Our resident cooperative enthusiast (and owner-member coordinator) Matthew Epperson recently had a chance to travel to Spain and learn from the workers at the Mondragon Cooperatives – we asked him to share with us some of what he learned:
- The Mondragon Co-operative Corporation (MCC) is a complex of 110 co-ops with revenues of 18 Billion Euros and the 7th largest Spanish company. Located in the Basque region of Spain – the modern cooperative movement began in 1956 in an area that was desperately poor as a solution to the poverty. Today, the Basque region has some of the lowest unemployment in Spain – despite the currently economic climate.
- Job security is of the highest priority to the cooperatives and Mondragon promotes a culture of unity. For example, Fagor, one of the oldest companies, founded in 1956, recently collapsed! Although this was a huge shake up, it was not catastrophic for the workers – true to co-op form, its 1800 workers are in the process of being relocated to the other cooperatives in the collective. Though this mean less hours for all – members are committed to making the cooperatives more beneficial to all workers. This was inspiring! Many workers spoke of this “relocation program” as so vital to their social welfare system. Workers in other plants described Fagor’s workers were coming into their plants, but rather than this being cause for resentment, it was a reminder of how the system looks out for the employment of everyone.
- At Mondragon, there are no fat cats at the top being paid over 300 times as much as the workers (the United States National average – CEO to worker). Instead there are agreed-upon (by democratic vote) wage ratios between executive work and field or factory work which earns a minimum wage. These ratios range from 3:1 to 9:1 in different cooperatives and average 5:1. Theoretically, this means that the general manager of an average Mondragon cooperative earns no more than 5 times as much as the lowest paid worker in his/her cooperative. However, because many of the jobs are specialized – thus classified at higher wage levels, the ratio is even smaller.
- There is no such thing as redundant in Mondragon, and firings are so seldom it’s probably startling when it happens. The general philosophy is that boosts in efficiency in the factories are to be sought wherever possible, with no fear that that will mean putting oneself or your neighbor out of a job. People are the reason the machines are working, and people can and will be the masters of those machines, not the other way around. If there were no more car parts to be made or inspected by hand, then the workers would just focus on better governance and education, more intellectual tasks.
- Employees volunteer up to 15 hours a month to be a part of different councils (such as the social and governing council). This is where the workers display their voice in guiding the organizations they work for.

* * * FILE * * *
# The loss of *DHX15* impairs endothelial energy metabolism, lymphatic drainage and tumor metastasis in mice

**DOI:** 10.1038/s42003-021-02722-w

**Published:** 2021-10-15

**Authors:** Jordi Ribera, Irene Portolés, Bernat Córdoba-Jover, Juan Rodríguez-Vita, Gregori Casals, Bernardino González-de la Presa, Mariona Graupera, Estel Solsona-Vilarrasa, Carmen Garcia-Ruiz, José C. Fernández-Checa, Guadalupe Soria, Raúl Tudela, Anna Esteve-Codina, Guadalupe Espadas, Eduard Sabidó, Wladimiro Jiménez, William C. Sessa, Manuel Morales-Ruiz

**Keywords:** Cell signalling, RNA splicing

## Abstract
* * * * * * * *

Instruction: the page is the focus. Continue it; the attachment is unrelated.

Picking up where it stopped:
- The social council, in particular, is devoted to representing workers rights (working conditions, pay, hours, grievances), whereas the governing council is how workers are represented as owners.
- Elegantly, every worker has a chance at being a member and thus given a vote in the ultimate decision making body of the co-ops, known as the general assembly (GA).
- The GA elects the governing council (board of directors), social council and watchdogs (internal auditors), and everyone (no matter their position) is eligible to run for these positions.
- While this council work always mattered to them, it was during the 2008 financial crisis that it especially mattered who was on the social council –
o for example: the co-ops were discussing wage cuts and hours cuts just to stay alive, and that meant trusting your social council to represent you as a worker in those big questions. Work was cut to 20 out of 30 days in the month for quite a while. Meetings were attended by crying and shouting — it was intense! But these were people working for themselves, and thus they had every motivation to make even the hard choices, and did their best to do so fairly.
- Women have historically been less represented in the councils and on the shop floors but that is gradually changing. One woman we spoke with said she encountered a lot of skepticism that she was up to the manual labor, but she was given the chance and she proved herself. Doubt doesn’t follow her any longer. The men realize some machine tasks are just better for women anyway, particularly around hand-eye and quality control areas.
Visit Mondragon Cooperatives, and watch a lecture by Economics professor Richard Wolff on Mondragon.